Downsides of my superpower

Invisibility. It sounds like a pretty handy superpower to have, considering it allows a person to live a life liberated from the mundane consequences of society. But there is a flaw inherently attached to receiving this superpower—the loss of your existence.

One might think the loss of your existence for a temporary amount of time might not be so bad, as it allows you to steal a candy bar from the C Store or walk in late to class. But when a person does not exist, they lose their basic rights because they are no longer seen as human. The fatal flaw of this superpower is that there is no voice for invisible people, because they cannot even prove their existence, much less their right to basic human rights.

The first time I became invisible was a few weeks after I started at Lawrence. It happened to me every Monday, Friday and Saturday afternoon at the same exact time and place. And continued throughout my sophomore and now junior year. Actually, I am getting paid to be invisible.

And you might be, too, if you work at Bon Appetit.

A magical thing happened once I donned the black hat and blue shirt bestowed upon me by Bon Appetit. Much like with Harry Potter’s invisibility cloak, I could still see and touch the people around me, but they did not interact with me. And it was not just that they did not interact with me—I cannot count the amount of times people have literally run into me while I am working in the Commons. When I mention to my friends that I work in the Commons as a student supervisor they often act very surprised, even though I serve them directly almost every week.

When students come through the line, they don’t often glance at my face, and our conversations—if we have one, for many students are fond of pointing and grunting—often consist of two short lines, in which I ask if they want a bun with their burger and they say yes or no. And then ask for an entire plate of tater tots and maybe mumble a thank you as they shuffle away.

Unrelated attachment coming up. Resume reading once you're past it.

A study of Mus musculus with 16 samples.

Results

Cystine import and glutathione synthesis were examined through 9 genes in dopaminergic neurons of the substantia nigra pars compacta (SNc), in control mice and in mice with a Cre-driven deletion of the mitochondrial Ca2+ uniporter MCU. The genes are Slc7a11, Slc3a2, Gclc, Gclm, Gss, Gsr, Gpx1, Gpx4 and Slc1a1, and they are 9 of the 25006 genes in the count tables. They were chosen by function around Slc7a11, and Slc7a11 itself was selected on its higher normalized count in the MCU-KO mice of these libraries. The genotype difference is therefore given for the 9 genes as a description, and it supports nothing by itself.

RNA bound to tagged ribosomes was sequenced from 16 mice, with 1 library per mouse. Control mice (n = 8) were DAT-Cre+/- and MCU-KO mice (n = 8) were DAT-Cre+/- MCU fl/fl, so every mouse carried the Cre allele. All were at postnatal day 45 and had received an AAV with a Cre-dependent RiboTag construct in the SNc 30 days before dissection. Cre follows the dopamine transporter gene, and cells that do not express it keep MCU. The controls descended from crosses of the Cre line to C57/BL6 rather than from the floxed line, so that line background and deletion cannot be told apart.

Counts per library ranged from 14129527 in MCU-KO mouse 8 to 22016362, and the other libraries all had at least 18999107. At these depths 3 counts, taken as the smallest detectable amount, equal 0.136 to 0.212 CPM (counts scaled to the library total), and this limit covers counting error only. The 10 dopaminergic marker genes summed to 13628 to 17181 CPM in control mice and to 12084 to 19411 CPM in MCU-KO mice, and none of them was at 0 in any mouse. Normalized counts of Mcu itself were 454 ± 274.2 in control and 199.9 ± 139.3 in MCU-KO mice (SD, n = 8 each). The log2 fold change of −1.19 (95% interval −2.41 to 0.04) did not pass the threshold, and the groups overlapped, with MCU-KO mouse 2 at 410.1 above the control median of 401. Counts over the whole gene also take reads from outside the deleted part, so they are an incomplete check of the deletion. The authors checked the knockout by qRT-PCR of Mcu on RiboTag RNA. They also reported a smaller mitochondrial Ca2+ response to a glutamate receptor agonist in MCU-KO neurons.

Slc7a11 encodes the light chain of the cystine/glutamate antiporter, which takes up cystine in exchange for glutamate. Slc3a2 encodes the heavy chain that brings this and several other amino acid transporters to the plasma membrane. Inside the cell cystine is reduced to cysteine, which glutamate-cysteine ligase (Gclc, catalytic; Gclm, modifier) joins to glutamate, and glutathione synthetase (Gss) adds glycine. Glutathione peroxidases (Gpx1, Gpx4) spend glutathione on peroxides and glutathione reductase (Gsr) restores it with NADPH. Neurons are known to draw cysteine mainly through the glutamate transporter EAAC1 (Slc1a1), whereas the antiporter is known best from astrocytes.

In our staff meetings, the student workers of Bon App often remark upon our various run-ins with students during the last week, such as avoiding being run into or waving at a close friend who did not recognize you (always awkward). And the only time we are ever actually sought out by students is when something is broken, a mess is made or someone wants to know if a dish is gluten free. But the few times I dropped entire crates of blue cups or spilled half a gallon of chocolate milk in the dining hall did earn me a few stares, even if the starers did not recognize me.

Why are the student workers of Bon App invisible? Maybe there is some invisibility magic sewn into our customary garb. Although I do not mind being paid to be invisible, it would be nice if every once in a while, friends would say hi to me while I am working.

I am not saying Bon App workers should be lumped in with the numerous other permanently invisible people in this country, such as illegal immigrants, homeless people and others who are hidden below the poverty line. These invisible people suffer severe consequences every day as they struggle to survive in a world where little to no ‘visible’ people know they exist or care about their needs. Bon App student workers may be invisible once we don our hats and aprons, but we have agency in choosing when and for how long we are invisible to those around us. People who actually possess the power of invisibility have no say in how long their sentences will last or the burden of not existing, of being human but being denied intrinsic rights. Until someone looks up from their plate and says hi to the familiar face serving them food, invisible people will continue to live without a voice in society.